I expected to be creeped out, unsettled and perhaps at times a little scared during Red Rope Theatre’s production of Frankenstein, currently playing in the depths of Arnos Vale Cemetery.
It was certainly a spooky walk in the dead of night, ramping up tension and expectation before it had even started.
Whilst I felt all three of those unnerving feelings, what I really wasn’t expecting was such a thought provoking piece of theatre that made me reflect on humanity the next day.
I have no point of reference for Frankenstein. Despite a misspent 90’s Goth phase, I’ve never read Mary Shelley’s original story having been put off by a series of dreary movies.
This play was anything but dreary. It was tense, at times quite horrible and the one moment you think salvation and forgiveness is coming, it’s back to horror again. There are lighter moments with a much needed touch of humour coming from Lily Maryon as Elizabeth.
The big moment of creating The Monster was not the real horror of this piece. Perhaps the real horror is the realisation that in some ways, Frankenstein is part of all of us. We are Frankenstein and our Monsters are the bad decisions we make and the resulting fall out of these. We all have a ‘talent for chaos’ and perhaps we should consider the long-term nature of our actions, our parenting in particular more carefully.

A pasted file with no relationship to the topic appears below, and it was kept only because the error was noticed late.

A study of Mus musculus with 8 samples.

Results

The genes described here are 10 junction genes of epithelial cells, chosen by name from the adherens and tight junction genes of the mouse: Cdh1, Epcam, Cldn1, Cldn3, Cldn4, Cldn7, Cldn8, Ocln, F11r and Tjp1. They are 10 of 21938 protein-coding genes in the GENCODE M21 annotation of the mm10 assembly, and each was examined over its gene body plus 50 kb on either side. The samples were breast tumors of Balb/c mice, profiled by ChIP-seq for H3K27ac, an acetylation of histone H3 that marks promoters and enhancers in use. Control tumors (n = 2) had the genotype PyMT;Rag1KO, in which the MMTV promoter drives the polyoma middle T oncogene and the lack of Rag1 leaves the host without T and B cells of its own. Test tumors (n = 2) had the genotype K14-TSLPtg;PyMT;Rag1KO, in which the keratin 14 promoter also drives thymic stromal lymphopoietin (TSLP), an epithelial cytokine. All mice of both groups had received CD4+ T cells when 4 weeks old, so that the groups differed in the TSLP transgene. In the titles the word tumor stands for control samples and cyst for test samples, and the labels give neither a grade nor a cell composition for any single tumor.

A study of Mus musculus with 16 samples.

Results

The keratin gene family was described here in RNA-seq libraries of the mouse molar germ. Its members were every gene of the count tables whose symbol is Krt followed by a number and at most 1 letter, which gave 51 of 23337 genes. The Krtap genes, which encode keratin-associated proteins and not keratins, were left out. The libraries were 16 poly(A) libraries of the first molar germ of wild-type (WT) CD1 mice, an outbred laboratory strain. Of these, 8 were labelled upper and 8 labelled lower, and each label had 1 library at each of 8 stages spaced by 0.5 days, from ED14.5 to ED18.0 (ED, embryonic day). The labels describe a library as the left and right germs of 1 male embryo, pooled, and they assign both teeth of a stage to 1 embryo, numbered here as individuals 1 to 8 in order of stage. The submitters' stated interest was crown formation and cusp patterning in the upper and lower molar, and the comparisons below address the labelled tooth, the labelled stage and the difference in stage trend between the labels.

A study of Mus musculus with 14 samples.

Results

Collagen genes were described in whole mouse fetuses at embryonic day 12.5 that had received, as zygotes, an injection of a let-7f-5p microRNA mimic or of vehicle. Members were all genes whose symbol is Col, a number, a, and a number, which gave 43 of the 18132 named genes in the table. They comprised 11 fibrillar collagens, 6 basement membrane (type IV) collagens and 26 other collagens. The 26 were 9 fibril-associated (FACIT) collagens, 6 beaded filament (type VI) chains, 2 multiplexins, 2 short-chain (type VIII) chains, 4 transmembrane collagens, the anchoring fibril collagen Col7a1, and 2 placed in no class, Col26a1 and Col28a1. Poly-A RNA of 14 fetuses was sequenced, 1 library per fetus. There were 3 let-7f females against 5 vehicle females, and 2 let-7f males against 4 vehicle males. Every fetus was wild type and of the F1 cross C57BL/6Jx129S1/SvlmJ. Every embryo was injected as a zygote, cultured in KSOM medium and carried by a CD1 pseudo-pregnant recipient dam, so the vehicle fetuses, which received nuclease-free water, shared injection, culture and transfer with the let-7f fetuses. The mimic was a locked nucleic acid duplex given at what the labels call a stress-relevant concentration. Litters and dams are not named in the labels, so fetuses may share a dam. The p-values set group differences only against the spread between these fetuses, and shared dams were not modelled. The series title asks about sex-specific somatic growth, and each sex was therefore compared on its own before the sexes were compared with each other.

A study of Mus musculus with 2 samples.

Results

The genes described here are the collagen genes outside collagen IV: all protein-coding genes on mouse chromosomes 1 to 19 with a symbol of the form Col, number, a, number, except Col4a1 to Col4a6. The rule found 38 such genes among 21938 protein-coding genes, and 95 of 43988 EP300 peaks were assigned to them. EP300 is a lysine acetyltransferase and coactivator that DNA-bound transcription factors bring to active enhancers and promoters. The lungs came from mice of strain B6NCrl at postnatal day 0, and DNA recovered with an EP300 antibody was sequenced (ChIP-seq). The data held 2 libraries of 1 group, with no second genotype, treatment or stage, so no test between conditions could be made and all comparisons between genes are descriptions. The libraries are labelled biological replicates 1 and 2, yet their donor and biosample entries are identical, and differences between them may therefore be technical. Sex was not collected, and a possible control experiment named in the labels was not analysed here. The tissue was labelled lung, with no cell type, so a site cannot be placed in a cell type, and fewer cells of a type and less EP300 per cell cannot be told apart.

Matt Grinter’s writing is perfectly placed in the Anglican Chapel. It’s the ideal setting for the clashing juxtaposition of science and religion both of which are key themes. Parental rejection is another theme and the motivating factor behind The Monster’s revenge. How many psychotherapists went ‘but Attachment Disorder’ when Elizabeth tries to blame The Monster for its own actions?
Director Rebecca Robson explores all these themes well, and makes excellent use of the intimate space. This was an ambitious piece of theatre. It worked, though ultimately I think one more actor might have lightened the load.
Throughout, the play has you questioning who is good? And who is evil? The lines are blurred, but Elizabeth’s speech on God during Justine’s hanging gave me a new found respect for police forensics and the British Justice System.
There’s a lovely monologue brilliantly delivered by Danann McAleer as Frankenstein about the death of his mother. How death invited itself into the family. Throughout the play McAleer gradually becomes as unhinged as The Monster becomes unstitched.
Lois Baldry as The Monster was fabulous. There was a bright-eyed curiosity burning from inside the skin mask and she was both frighteningly cheerful and graceful in her murderous rampage. Her scenes with Maryon playing William and then Elizabeth were particularly galling.
I wasn’t expecting such a clever and thought provoking piece of theatre. If you like a taut, thought provoking psychological horror, this is the perfect watch.
The age recommendation is 16 years upwards.
Frankenstein is on at Arnos Vale until 11 November 2018.